The battle to take over MGM is like the plot of a Hollywood movie.
It even features a starring role for a colourful character, the corporate raider Carl Icahn.
Metro-Goldwyn-Mayer is up to its corporate ears in debt, with $4bn of red ink, thanks to several box office flops, or turkeys as they are known in Tinseltown.
A slump in DVD sales, the same problem that torpedoed the movie rental chain Blockbuster, has also hurt the studio.
On Friday, MGM's creditors will finish voting on whether to accept or refuse a rescue deal from Spyglass Entertainments.
If it is rejected, a rival offer from Lionsgate, a Canadian company with facilities in Los Angeles, will be on the table.
That deal is being orchestrated by Carl Icahn, a veteran investor renowned for buying stakes in companies and then using his influence to enforce a restructuring strategy of cuts for a swift return to profit.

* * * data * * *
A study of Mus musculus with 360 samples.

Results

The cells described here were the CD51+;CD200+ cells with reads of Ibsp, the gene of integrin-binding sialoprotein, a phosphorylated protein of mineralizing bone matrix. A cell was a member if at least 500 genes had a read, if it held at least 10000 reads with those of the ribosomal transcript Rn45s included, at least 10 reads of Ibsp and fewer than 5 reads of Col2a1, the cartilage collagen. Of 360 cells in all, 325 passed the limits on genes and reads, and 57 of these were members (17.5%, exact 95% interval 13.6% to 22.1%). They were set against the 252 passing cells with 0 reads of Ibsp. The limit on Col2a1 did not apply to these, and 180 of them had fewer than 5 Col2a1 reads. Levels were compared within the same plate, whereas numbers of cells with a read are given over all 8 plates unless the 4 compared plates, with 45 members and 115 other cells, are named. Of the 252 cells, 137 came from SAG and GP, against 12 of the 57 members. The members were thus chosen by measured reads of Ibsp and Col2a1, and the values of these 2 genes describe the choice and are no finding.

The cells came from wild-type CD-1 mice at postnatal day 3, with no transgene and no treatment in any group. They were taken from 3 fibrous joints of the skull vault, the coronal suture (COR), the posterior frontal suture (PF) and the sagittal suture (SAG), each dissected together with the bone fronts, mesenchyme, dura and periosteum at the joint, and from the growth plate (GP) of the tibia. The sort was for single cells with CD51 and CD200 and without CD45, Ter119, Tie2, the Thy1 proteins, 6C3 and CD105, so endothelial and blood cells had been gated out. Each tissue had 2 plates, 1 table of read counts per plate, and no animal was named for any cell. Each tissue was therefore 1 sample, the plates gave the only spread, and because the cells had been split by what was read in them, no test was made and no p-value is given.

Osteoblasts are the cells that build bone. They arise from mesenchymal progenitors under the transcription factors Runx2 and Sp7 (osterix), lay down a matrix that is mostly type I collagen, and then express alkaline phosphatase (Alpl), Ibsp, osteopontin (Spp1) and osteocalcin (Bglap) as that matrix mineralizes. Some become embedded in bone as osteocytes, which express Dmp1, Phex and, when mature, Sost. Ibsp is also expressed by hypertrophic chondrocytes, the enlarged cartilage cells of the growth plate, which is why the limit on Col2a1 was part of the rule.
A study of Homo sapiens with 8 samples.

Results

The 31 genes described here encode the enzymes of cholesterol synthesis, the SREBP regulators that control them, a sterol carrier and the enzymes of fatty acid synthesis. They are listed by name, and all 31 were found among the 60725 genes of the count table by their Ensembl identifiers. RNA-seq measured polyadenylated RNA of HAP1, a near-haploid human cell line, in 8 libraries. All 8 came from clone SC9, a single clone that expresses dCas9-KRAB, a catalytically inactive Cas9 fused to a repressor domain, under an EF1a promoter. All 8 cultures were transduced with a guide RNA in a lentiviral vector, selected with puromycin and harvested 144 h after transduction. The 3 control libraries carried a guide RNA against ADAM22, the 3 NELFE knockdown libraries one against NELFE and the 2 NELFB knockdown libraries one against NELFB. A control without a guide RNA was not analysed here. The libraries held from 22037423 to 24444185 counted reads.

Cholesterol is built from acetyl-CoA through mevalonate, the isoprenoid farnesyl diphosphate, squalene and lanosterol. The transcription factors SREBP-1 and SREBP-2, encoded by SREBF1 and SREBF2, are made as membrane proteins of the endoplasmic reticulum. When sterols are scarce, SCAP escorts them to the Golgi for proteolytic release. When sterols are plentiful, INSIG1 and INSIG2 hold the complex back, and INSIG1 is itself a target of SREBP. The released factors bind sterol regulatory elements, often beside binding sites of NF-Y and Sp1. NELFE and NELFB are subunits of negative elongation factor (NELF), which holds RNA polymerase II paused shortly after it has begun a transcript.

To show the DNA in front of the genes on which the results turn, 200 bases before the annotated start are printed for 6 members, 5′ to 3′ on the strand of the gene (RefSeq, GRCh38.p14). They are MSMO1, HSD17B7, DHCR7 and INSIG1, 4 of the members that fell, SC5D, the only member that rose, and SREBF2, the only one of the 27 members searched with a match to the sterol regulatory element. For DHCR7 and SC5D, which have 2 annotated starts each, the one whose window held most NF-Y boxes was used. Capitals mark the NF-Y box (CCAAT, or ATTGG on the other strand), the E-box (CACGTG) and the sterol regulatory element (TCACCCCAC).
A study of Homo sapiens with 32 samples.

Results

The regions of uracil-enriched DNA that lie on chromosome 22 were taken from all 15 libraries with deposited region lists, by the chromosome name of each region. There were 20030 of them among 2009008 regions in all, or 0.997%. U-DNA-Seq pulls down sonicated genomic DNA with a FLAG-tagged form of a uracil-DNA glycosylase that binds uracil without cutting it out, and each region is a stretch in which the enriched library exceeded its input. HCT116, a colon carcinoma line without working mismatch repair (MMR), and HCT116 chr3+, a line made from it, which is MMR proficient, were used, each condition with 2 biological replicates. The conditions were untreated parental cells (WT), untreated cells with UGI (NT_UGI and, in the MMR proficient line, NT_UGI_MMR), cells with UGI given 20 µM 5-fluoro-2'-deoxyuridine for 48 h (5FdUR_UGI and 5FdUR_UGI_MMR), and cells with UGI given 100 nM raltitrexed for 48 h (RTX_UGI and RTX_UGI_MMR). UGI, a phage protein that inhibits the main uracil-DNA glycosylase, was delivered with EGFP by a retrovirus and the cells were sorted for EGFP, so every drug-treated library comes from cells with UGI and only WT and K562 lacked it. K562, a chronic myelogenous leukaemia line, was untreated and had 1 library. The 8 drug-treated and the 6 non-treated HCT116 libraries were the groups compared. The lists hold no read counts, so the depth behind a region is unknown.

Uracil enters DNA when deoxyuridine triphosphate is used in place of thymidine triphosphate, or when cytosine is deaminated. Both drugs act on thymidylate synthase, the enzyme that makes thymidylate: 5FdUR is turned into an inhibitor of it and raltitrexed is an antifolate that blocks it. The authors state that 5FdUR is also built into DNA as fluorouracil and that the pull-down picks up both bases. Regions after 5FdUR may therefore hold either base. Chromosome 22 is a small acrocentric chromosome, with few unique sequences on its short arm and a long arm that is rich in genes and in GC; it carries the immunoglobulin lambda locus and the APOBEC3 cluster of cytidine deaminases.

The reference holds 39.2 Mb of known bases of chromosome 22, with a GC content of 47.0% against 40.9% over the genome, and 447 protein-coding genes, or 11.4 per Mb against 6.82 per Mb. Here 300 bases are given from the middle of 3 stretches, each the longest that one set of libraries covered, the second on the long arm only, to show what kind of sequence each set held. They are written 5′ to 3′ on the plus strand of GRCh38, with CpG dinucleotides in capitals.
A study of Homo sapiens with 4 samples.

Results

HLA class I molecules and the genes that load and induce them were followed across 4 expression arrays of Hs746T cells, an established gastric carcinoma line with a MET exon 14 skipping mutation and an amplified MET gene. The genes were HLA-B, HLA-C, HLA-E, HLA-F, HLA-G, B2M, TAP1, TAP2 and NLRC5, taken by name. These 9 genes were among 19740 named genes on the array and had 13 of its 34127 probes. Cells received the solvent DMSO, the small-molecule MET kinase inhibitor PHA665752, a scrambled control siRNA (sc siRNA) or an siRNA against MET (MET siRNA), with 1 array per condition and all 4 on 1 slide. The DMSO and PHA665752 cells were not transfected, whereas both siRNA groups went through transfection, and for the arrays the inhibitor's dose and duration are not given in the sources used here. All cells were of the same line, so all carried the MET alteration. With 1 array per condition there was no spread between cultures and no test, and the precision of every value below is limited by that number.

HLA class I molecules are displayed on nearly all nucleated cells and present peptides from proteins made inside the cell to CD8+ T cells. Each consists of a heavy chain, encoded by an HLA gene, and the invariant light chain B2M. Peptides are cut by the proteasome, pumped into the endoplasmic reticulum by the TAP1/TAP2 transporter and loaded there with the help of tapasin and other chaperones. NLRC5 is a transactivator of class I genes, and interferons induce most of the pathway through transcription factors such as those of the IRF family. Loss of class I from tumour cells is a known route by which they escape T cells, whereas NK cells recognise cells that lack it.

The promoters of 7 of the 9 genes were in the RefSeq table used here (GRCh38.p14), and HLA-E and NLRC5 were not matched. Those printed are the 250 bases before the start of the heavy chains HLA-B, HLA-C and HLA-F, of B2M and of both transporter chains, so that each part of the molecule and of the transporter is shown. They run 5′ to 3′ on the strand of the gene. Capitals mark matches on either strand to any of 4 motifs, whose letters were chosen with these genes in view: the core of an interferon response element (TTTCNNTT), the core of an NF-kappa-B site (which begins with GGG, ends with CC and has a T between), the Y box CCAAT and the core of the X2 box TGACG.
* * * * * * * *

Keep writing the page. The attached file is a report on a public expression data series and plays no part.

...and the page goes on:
He has a 30% stake in Lionsgate, producer of the television series Mad Men, and it seems the word from insiders at MGM is the creditors would be insane to back his deal.
Carl DiOrio, deputy film editor at the Hollywood Reporter, told the BBC: "They are a little wary of Lionsgate, in part because Lionsgate's largest shareholder is none other than Carl Icahn."
Carl DiOro's beat in Tinseltown gives him a good inside view of affairs at the troubled studio, which is now a shadow of its former self.
"The famous, some would say infamous, corporate raider tends to be awfully clever in how he manipulates the markets," he told the BBC.
"Some of the lenders, in this group of more than a hundred debt holders at MGM, are wary of getting in business with Lionsgate as result."
The financial rescue of Metro-Goldwyn-Mayer is key to the production of some movie blockbusters.
The next James Bond film is just one example of a project that is on hold pending a deal.
The deal from Spyglass means an orchestrated bankruptcy for MGM, from which the studio claims it will emerge restructured much quicker than the bailout from Lionsgate and Carl Icahn.
Samuel Goldwyn, one of MGM's founders, famously once said in response to an offer: "Include me out."
Creditors have to decide on Friday whether to follow his example. Their votes will help determine whether the famous Hollywood lion will live to roar again.